Anyone who listens to, or watches The Car Throttle Podcast will know that I really like bikes. And while I understand that many of you might not share the same love of two wheels yet, trust me when I say that you’d change your mind if you gave them a shot. I did, and it proved to be best decision I made in 2019.
While my motorbike experience is still limited (I’ve clocked around 6000 miles on various Hondas), when Triumph asked if I’d like to spend a few days with its Daytona Moto2 765, there was no way I was going to decline. So, after 250 miles of Daytona bum time, here’s what I learnt…
…Which I clearly don’t have, because I can count on one hand the amount of times that my impotent wrist was able to twist the throttle fully open on the road.
Perhaps the blame lies with the fact that the 765 - which is limited to 765 units in the UK - costs £15,765 new, or, more likely still, because the pathways between my eyes and brain simply don’t fire as quickly as the Triumph’s ability to bring the horizon into view.
Either way, the 765 is the quickest thing I’ve been in or on, and one dry day with the Daytona proved insufficient - for me, at least - to recalibrate my speed sensors.
Riding position between bikes varies a lot, and this is something the Triumph taught me quickly. Because it’s a bona fide race bike for the road (unlike ‘my’ softer Honda CBR650R), you sit with your arms outstretched and your back lower to, and more parallel with the ground.
This position creates a lower centre of gravity and makes your body more aerodynamic which is great for track attack, but in the real world, this translates to aching wrists and a sore neck.
After 250 miles of mixed riding and a few stops at biker cafes (including Loomies in Winchester and Ryka’s in Dorking), I really felt the miles, but on open and fast B-roads, it’s exactly this involving riding position that provokes you to twist the throttle earlier to make the most of the inline triple’s gutsy 59lb ft of torque and agile chassis. Fun, then, is guaranteed on the Triumph. Comfort…not so much.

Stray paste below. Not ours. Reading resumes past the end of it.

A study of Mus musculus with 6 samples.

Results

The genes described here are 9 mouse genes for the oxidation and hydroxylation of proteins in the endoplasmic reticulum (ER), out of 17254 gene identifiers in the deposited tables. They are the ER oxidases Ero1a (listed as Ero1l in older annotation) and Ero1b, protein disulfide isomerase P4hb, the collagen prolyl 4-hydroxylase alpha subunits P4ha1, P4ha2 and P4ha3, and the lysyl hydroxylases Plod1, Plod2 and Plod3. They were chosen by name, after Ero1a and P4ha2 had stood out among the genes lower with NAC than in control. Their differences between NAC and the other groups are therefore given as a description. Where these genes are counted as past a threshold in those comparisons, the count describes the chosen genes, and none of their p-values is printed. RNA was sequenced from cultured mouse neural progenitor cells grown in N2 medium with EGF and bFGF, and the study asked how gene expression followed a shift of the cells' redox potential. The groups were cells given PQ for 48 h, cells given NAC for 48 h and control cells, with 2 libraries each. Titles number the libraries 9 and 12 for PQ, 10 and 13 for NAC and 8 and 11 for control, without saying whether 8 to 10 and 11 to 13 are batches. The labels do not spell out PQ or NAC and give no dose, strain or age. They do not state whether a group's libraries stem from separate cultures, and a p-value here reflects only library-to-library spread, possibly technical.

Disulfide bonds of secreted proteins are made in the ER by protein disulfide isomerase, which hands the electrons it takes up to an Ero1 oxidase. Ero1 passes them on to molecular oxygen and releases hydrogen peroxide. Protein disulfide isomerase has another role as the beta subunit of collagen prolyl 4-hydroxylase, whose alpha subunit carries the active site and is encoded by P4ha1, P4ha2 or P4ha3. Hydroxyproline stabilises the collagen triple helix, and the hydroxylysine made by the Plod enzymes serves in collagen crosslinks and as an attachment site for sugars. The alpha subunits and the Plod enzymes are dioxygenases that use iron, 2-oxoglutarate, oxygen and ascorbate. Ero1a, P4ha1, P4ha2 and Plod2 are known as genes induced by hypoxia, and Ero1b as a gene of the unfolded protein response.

Because the 765 is so light, and thanks to its razor sharp quick-shifter, Ohlins rear shock and front forks, Ohlins steering damper and Brembo brakes, it’s a bike that changes direction quickly and cleanly.
It’s also noticeably easier to lean into and out of corners than the CBR650R I daily, and braking takes less time and effort. These two things alone add up to a bike that even a novice like me can ride quickly, and as someone with limted B-road experience, getting into a fast flow is a great way to get the adrenaline pumping.
Riding a bike that currently outweighs my skill set is an eye-opening experience. I’d liken the Triumph Daytona Moto2 765 to a Caterham 620R with an eagerness for speed, high revs and fast corners that takes balls to fulfill.
For the rare moments that I managed to unlock this ‘higher level’ of oneness, I can tell you that sore wrists were very quickly forgotten about. Because when you wind this thing up, the noise, agility and fun factor are qualities you’ll quickly get addicted to.